Metro Board members were inspired to focus on safety after watching a powerful video from the Los Angeles-area Metrolink system at a special meeting Monday.
WASHINGTON — Progress on Metro’s long-promised safety culture eroded before the deadly smoke incident near L’Enfant Plaza, and significant work remains to ensure tasks are done correctly from the very top down, Metro Board members said Monday.
At a special meeting Monday, the Metro Board Safety Committee watched a powerful video from the Los Angeles-area Metrolink regional rail system emphasizing the key responsibilities board members have to ensure safety is done right.
The video showed the devastation and personal impacts of a 2008 Metrolink crash that killed 25 people when a distracted engineer slammed a commuter train into a freight train.
“This is somebody’s mother, somebody’s dad, somebody’s daughter, and I’m responsible for their safety,” Keith Millhouse, a former Metrolink board leader said in the video.
He and other Metrolink leaders presented it to the committee.
Former Takoma Park Mayor Kathy Porter, who has been on the Metro Board for six years, said one of Metro’s major problems has been maintaining a safety focus after being shocked into it following the 2009 Red Line crash that killed nine people.
“You cannot hold that level of attention for a long period of time, and even though there was a real focus at WMATA on safety, it sort of started to erode. I mean, we had people paying less attention to it over time. People can’t stay on a situation of high alert constantly,” Porter said.
Metrolink Vice Chair Brian Humphrey said that kind of slipping is the biggest threat.
“The most dangerous thing to us is not train wrecks or terrorism, but mediocrity and complacency,” Humphrey said. “Details matter.”
To get the money from the region to make significant safety investments, Humphrey said the system had to be honest, “warts and all.” That took a pushback on Metrolink staff, some of whom told the board only what they thought the board wanted to hear.
“We have had a culture of deferral; we have had a culture of denial; we have in many cases obfuscated things in our own mind, and sometimes appeasement’s the other thing. You can have staff members that seek to appease you … that want to bring you fancy upbeat reports, and you have to stand very strongly against that,” Humphrey urged Metro Board members. “Don’t accept that. Ask why, seven times, until you get to the very bottom of the answer.”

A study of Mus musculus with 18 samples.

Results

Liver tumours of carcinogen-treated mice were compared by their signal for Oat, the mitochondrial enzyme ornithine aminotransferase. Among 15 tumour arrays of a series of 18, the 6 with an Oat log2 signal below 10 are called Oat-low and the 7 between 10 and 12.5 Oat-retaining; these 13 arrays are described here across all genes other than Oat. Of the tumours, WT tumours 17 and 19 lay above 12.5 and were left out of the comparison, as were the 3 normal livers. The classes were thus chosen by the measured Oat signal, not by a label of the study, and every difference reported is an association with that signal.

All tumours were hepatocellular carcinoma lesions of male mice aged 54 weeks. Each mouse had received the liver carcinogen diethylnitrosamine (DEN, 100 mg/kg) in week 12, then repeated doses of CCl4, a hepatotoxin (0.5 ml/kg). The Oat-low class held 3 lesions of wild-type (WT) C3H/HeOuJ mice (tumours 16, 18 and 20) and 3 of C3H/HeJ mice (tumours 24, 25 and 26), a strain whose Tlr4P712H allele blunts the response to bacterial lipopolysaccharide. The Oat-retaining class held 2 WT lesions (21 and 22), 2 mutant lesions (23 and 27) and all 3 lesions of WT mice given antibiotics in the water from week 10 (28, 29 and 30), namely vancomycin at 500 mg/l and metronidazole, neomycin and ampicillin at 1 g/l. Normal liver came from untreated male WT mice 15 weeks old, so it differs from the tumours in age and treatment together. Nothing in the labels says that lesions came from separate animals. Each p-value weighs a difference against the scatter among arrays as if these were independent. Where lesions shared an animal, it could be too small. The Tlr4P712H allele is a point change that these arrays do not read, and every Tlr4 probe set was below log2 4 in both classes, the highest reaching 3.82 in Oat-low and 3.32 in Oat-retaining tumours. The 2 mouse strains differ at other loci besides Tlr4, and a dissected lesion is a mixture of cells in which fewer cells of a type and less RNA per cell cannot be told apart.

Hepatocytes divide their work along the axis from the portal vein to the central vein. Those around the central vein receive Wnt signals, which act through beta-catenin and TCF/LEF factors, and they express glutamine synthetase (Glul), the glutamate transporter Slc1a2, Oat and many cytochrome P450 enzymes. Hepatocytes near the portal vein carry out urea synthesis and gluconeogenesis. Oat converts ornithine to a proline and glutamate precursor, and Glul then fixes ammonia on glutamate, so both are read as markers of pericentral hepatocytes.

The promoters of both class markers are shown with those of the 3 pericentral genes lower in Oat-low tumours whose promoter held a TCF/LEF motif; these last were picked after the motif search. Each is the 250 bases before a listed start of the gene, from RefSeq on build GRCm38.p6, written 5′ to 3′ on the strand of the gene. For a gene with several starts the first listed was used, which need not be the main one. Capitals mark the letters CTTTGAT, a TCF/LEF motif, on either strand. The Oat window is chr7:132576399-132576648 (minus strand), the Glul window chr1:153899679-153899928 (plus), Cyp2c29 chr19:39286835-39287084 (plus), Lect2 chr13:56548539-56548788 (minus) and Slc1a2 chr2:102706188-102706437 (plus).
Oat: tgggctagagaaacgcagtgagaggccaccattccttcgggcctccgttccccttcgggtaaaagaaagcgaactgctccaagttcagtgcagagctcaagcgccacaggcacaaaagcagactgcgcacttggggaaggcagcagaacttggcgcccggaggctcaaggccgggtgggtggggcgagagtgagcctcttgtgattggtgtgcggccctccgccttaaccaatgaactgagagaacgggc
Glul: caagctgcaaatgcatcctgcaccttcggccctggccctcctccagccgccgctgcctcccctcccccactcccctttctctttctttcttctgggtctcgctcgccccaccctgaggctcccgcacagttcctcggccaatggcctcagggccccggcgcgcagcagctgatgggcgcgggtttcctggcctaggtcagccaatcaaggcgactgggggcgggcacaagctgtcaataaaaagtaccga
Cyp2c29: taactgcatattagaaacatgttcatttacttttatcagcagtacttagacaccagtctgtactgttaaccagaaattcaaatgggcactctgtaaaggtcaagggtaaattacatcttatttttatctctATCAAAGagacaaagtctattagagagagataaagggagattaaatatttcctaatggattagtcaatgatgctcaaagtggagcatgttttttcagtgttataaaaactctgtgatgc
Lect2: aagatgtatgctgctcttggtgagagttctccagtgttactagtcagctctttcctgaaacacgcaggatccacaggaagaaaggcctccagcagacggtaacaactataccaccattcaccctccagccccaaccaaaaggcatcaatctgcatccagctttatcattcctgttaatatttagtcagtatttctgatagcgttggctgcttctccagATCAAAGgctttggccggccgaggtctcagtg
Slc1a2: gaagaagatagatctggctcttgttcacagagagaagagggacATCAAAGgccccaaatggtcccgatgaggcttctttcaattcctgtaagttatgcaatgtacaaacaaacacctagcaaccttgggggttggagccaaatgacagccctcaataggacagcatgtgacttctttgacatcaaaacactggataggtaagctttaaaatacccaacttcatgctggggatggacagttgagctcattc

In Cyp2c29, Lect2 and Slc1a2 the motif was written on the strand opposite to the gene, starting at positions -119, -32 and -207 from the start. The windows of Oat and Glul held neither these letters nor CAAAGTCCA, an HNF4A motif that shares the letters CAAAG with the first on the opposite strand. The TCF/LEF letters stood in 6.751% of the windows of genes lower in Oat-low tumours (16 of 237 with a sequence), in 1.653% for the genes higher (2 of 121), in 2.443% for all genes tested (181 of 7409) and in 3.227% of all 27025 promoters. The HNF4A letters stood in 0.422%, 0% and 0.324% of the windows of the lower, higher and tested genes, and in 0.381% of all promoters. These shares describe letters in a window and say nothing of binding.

Federal Railroad Administration Chief Safety Officer Robert Lauby, a federal appointee to the Metro Board, said he is seeing some progress on a transition at Metro, but is concerned that there was still opposition to cutting back hours for what General Manager Paul Wiedefeld promises will be additional preventive maintenance.
“Our general manager, Mr. Wiedefeld, seems to be making the right decisions for safety, but I think there’s room for improvement with the board members to begin to look at the different things that we do and understand that everything that we do … all have to do with safety in this organization,” Lauby said.
Fairfax County Supervisor Cathy Hudgins, who was Metro Board Chair in 2011 and 2012 and who has been on the board since 2004, said there is a disconnect between the importance of safety and how the board is organized. While all 16 members are on the Finance Committee, which gave preliminary approval last week to fare hikes and service cuts, only six are on the Safety Committee.
“Comprehensively, finance, safety — all of those things are the responsibility for every board member,” Hudgins said.
Board members regularly attend meetings of committees they are not technically part of. Eight board members attended Monday’s special meeting. The only committee member not present was federal appointee David Strickland, who has missed several board meeting days in a row.
After the Metrolink presentation, Maryland appointee Michael Goldman suggested Metro should make its own video for the public and board members, explaining the responsibilities of the board for safety culture and oversight of Metro management. The responsibilities are expected to be a topic at an upcoming board retreat.
Millhouse, the former Metrolink leader, said that when an agency gets stuck with poor public perception, board members need to inspire staff that they are all in it together to make the system great, help the region and provide a public service.